At the same time as noting – with sinking heart – the various newspaper think pieces by female pundits about the enfranchisement of women into the American gross-out comedy arena, I still think the release of Bridesmaids must be hailed as A Good Thing. Co-written by its star, 37-year-old Saturday Night Live comedienne Kristen Wiig, it follows her increasingly appalling experiences as maid of honour at what shapes up to be the wedding of the century in Milwaukee.
Produced by the revered comedy impresario Judd Apatow (director/ producer/writer of The 40 Year Old Virgin and Knocked Up among others) in America the film has already met the ultimate artistic test: it has made more than $100m – $144.4m to be precise, with its international roll-out still to come – and has achieved immediate comedy classic status. Think back to how we felt about Four Weddings and a Funeral. Except Four Weddings didn’t involve diarrhoea being fiercely emitted into a sink at a bridal wear shop, an opiate overdose on a domestic flight, and Mad Men’s John Hamm naked before the opening credits roll (the visual equivalent of cloves rubbed on a troubled tooth, followed by an 8oz glass of gin – heaven).
Full of droll detailing, the movie has a pop at the infuriating expense of being a modern bridesmaid: the work and tension involved, the oversharing at rehearsal parties, and other related aspects including the lachrymosity, the masochism, the wisecracking, and the frightening men people try to pawn spare bridesmaids off on, men with souls barely above room temperature. At its best, Bridesmaids does that wonderful thing: tell the truth, indelicately. My guess is that most people will love it – men too, just as women loved The Hangover (which, admittedly, was wilder and braver).
Something to bear in mind: pretty much everyone involved in this project – Apatow, director Paul Feig, Wiig and the other women starring, even those playing smaller parts (down to a particularly brilliantly pitched male air steward) – has at some point been a stand-up comedian. Apatow’s controlling and channelling of this level of competitive energy is in itself an achievement. And consider the way Apatow works: he pushes a very improv-based process. Scenarios are worked up among cast, director and writers, and then honed and reworked endlessly, the movie forever a thing in progress. This is not all that usual these days in America, and screams one thing: money. Someone with the success of Apatow can command the luxury of time – to rehearse, to mess about, to develop the terrific tone the film has in places of a rep of old friends having a scream.
For the talented Wiig, now is a moment of international success that has been a long time coming. Fans of her six-year stint and many hyperbolic characters on Saturday Night Live (it was she who originally came up with the show’s particularly winning take on Sarah Palin, but the part was passed to Tina Fey, who bears more of a resemblance) will already know that this slender, pale girl is the perfect comedy conduit. She is nicely featureless, a blank page, a beautifully pure canvas. At this point in her career she can be anybody and do anything: a bitch, a bunny, a paste-up screwball neurotic, Madame Bovary (you can just see her riffling through fabric samples, nervously), Susan Vance in Bringing up Baby. Lady Macbeth?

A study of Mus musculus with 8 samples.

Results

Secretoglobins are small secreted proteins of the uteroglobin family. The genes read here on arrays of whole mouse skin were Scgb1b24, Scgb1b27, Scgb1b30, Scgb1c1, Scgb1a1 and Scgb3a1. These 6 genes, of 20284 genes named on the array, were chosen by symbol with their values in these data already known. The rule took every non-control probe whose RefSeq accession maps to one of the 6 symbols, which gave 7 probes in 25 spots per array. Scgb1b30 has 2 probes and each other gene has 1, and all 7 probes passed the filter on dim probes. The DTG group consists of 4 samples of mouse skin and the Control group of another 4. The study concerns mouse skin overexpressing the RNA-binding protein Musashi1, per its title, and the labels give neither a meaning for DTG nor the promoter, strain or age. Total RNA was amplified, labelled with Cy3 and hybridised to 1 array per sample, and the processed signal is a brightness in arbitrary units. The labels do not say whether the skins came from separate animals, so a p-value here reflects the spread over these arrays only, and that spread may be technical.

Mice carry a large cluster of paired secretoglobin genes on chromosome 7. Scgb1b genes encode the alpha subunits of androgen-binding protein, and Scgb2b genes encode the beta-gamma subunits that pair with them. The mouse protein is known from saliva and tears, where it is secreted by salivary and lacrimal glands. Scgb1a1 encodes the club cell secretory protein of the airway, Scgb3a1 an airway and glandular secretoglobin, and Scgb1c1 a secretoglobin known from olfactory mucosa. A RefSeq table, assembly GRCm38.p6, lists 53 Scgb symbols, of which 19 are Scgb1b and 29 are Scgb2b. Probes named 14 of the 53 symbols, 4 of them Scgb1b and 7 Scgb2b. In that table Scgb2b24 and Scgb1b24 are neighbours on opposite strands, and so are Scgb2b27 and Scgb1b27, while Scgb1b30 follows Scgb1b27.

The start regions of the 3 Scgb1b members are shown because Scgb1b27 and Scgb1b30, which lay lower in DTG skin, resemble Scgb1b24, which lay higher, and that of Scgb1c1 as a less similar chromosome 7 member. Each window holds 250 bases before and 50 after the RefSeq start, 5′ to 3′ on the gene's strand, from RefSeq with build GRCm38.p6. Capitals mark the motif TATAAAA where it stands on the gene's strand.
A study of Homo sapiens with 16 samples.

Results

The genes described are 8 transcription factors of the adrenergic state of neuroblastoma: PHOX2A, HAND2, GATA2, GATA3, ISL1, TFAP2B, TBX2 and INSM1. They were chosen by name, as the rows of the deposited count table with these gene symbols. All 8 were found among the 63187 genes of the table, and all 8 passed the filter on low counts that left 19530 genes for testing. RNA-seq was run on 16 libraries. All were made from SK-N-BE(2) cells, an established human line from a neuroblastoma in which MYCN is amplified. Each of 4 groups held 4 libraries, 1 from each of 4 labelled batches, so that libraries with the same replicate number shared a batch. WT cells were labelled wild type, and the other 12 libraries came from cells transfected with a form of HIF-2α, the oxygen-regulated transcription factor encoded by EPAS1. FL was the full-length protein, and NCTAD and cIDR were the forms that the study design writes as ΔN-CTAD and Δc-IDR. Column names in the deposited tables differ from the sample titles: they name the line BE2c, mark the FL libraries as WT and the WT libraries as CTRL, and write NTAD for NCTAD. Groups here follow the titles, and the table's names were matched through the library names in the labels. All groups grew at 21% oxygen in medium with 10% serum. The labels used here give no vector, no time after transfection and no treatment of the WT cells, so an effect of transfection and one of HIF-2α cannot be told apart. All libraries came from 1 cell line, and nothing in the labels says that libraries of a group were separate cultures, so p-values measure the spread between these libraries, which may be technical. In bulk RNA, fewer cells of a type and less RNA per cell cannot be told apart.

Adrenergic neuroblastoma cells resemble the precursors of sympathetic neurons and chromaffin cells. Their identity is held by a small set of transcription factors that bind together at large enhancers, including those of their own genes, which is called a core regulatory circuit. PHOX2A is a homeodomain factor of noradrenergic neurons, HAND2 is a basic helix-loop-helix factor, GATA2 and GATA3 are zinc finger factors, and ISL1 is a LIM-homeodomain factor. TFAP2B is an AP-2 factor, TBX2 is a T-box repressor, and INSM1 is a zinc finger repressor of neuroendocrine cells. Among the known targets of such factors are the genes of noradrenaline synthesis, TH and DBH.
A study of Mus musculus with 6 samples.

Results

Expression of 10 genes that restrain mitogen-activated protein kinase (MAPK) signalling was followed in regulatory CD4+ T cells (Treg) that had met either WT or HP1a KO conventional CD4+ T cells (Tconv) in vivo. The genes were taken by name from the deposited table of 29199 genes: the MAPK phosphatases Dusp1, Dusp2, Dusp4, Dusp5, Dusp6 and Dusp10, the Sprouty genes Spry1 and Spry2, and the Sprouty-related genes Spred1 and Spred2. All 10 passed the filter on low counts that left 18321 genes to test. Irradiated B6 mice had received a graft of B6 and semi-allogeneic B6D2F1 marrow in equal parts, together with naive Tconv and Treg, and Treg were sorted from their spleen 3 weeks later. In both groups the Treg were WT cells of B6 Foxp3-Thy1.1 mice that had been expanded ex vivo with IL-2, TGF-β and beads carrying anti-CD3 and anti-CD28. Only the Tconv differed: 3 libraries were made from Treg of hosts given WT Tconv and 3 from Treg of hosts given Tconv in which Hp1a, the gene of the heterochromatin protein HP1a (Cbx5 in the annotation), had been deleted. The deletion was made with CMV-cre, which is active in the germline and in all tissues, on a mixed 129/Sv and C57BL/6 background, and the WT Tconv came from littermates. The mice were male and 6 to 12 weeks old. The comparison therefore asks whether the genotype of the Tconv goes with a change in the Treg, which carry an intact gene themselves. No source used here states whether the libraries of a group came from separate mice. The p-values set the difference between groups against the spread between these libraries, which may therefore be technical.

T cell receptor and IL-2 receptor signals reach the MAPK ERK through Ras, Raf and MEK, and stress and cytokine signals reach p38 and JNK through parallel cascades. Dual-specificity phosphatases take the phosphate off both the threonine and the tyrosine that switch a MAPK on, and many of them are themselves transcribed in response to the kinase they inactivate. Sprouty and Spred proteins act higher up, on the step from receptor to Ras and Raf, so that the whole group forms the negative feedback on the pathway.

Made in 1981 but crucially with a 1970s feel, Cutter’s Way is being re-released as part of a solid Jeff Bridges season at the BFI Southbank (the second in 10 years) that also includes other little-seen triumphs such as John Huston’s 1972 boxing drama Fat City (see it).
Sure, it’s memorable for the scenes with JB – as a nice, easy-going playboy, smoking and screwing in that Bridgesishly loose-limbed way, skin tanned to a fantastically glowing nutmeg – but Cutter’s Way ought to be seen for his co-star John Heard, playing the disabled and furiously alcoholic Vietnam veteran Alex Cutter, ruinously hell-bent on taking his film-noirish revenge on the world. A part originally meant for Dustin Hoffman, Heard incarnates absolute egotism and profound despair. You find yourself simultaneously having to suppress your instinct for pity for his wretched character and trying to focus on what a terrible son-of-a-bitch he is. Heard’s career came, went and now simmers – recently he had a small recurring role in CSI Miami. He is one of America’s great lost actors.
The First Grader is a predictable but inspiring story of an 84-year-old, one-time Mau Mau warrior, who insists on an education at a Kenyan primary school. Since the Kenyan government is thanked in the credits one wonders about the balance in the storytelling, but the scenes in the classroom itself, filmed involving the small children of the real Masai Plainsview Primary School, are so tender.
The first lines of dialogue in World of the Dead: The Zombie Diaries (“Oh my God! What’s that?” “I don’t know! It’s so dark out there I can’t see a thing ...”) are not promising, and what follows is far from original, but this British film has a nicely botched, home-movie feel, although its express amateurishness will drive you nuts.
Countdown to Zero, about the history and current status of the world’s nuclear weapons, joins the glut of great recent documentaries. The film’s most sobering fact: any world leader has a maximum of 10 seconds to decide to retaliate in the event of a nuclear attack. Most memorable image: Gorbachev shaking hands with Reagan outside the Reykjavik Summit in 1986, putting on his hat (second-best, mottled grey) and walking away, like some nice, provincial husband hurrying home from Rotary.